Lancaster man uncovers 'treasure trove' of post-war Germany pictures
A treasure trove of photos from post-war Germany has been discovered by a Lancaster man whose grandfather visited the country in 1946.
Christopher Eve took the 10 reels of film to Max Spielmann in Penny Street to be developed, and was “awed” by the images he discovered.
Mr Eve’s grandfather Harry Thurgar was the founder and managing director of Thurgar Bolle Ltd, a Northamptonshire-based plastics and comb manufacturer.
After the war ended, he was appointed by the Board of Trade to visit Germany as part of the Allied Control Council, to conduct a survey of the German comb industry.
He visited the country in May and June 1946, which included stops in Hanover, Hamburg, Cologne, Munich, Weissenberg, Nuremberg, Stuttgart, Weisbaden and Frankfurt.
Mr Eve says he has no idea whether the 71-year-old films have ever been developed.
He said: “When I first saw the photos I was awed.
“Being 71 years old, they are truly a historical treasure-trove.
“The wreckage, as seen in the photos, was so immense and I pity the poor people who had to endure it.
“It’s chilling to realise that there would have been many bodies buried underneath all that rubble.
“It was my father’s Bomber Command comrades and those of the USAAF who caused all that devastation, as part of the effort to defeat the evil Nazi regime.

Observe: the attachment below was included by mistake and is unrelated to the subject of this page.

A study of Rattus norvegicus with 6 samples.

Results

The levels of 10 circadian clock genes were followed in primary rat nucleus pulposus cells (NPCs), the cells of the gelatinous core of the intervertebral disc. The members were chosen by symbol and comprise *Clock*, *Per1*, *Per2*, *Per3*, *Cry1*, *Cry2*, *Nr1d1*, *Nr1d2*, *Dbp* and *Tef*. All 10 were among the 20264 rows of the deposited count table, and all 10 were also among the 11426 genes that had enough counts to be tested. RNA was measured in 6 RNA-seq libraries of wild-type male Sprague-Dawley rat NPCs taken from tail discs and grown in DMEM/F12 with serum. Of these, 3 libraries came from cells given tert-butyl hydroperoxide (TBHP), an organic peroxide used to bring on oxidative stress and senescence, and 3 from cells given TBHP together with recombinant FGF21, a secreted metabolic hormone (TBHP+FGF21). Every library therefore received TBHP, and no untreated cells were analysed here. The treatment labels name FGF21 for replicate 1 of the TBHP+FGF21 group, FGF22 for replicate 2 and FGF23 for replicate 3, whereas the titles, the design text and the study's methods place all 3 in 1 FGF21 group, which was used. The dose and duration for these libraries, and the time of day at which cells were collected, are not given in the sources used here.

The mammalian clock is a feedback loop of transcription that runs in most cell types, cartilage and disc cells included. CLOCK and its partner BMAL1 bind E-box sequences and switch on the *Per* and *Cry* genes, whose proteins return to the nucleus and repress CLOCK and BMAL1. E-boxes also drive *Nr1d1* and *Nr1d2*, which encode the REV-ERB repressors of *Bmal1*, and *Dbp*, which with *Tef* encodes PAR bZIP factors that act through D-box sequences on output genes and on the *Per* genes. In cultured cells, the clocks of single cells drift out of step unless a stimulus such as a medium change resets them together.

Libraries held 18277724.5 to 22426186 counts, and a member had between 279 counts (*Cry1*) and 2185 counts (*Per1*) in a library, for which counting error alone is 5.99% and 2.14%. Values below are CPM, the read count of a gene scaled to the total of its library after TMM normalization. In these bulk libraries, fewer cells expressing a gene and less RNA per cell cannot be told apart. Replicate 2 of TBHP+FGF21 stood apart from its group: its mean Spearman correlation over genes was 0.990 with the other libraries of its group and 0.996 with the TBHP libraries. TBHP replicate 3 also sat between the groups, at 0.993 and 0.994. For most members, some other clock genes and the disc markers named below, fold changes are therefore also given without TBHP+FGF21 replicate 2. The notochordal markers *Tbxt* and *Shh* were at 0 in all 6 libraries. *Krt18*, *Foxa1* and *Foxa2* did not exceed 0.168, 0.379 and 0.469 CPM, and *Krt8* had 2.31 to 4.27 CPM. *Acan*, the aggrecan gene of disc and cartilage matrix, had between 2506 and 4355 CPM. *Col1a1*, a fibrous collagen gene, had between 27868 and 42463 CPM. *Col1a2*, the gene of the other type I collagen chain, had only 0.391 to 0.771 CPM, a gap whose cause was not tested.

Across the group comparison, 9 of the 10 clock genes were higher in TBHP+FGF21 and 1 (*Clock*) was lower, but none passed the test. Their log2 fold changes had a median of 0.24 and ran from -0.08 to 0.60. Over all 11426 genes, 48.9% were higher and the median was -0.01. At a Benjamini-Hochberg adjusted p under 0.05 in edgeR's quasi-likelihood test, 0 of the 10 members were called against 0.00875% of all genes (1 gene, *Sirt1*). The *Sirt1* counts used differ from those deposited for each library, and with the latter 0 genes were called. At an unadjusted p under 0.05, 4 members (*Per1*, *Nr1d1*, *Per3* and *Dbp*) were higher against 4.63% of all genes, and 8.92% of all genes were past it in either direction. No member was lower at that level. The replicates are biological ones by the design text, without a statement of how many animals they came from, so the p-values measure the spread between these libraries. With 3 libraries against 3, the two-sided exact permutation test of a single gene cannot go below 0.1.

“The following winter (1946-47) was particularly harsh and living conditions were extremely difficult.
“Thousands of people died from cold and hunger in Germany.
“The photos also gave me a window into a period of my grandfather’s life which I only dimly knew about.”
The total collection comprises around 350 photos from 10 reels of 35 mil negatives. Mr Eve said the trip to Germany was a small part of the Allied powers’ intelligence gathering work after the war.
He added: “Fortunately, the negatives were labelled and from an HMSO publication of the time, which I have inherited, it is possible to date and place each photograph fairly accurately.”
He said: “The four-man team, led by my grandfather, were required to wear army uniforms with grandpa given the honorary rank of Colonel. Over a period of four weeks, the investigators visited 30 firms situated in the British, American and French zones of occupation.
“These firms included actual comb makers, manufacturers of raw materials, comb making plant and tools and dyes.
“The team formed the general impression that no revolutionary developments in technique, or machinery, had taken place during the war, and in the main, the methods of production were similar to the usual British methods.”
Thurgar Bolle’s original factory in Alperton, Middlesex, had been bombed during the Luftwaffe’s Blitz during the winter of 1940-41.
During the War, it was requisitioned to make perspex canopies for fighter and bomber aircraft, the plastic elements for bomb sights on the Wellington bomber and the plastic parts for early radar.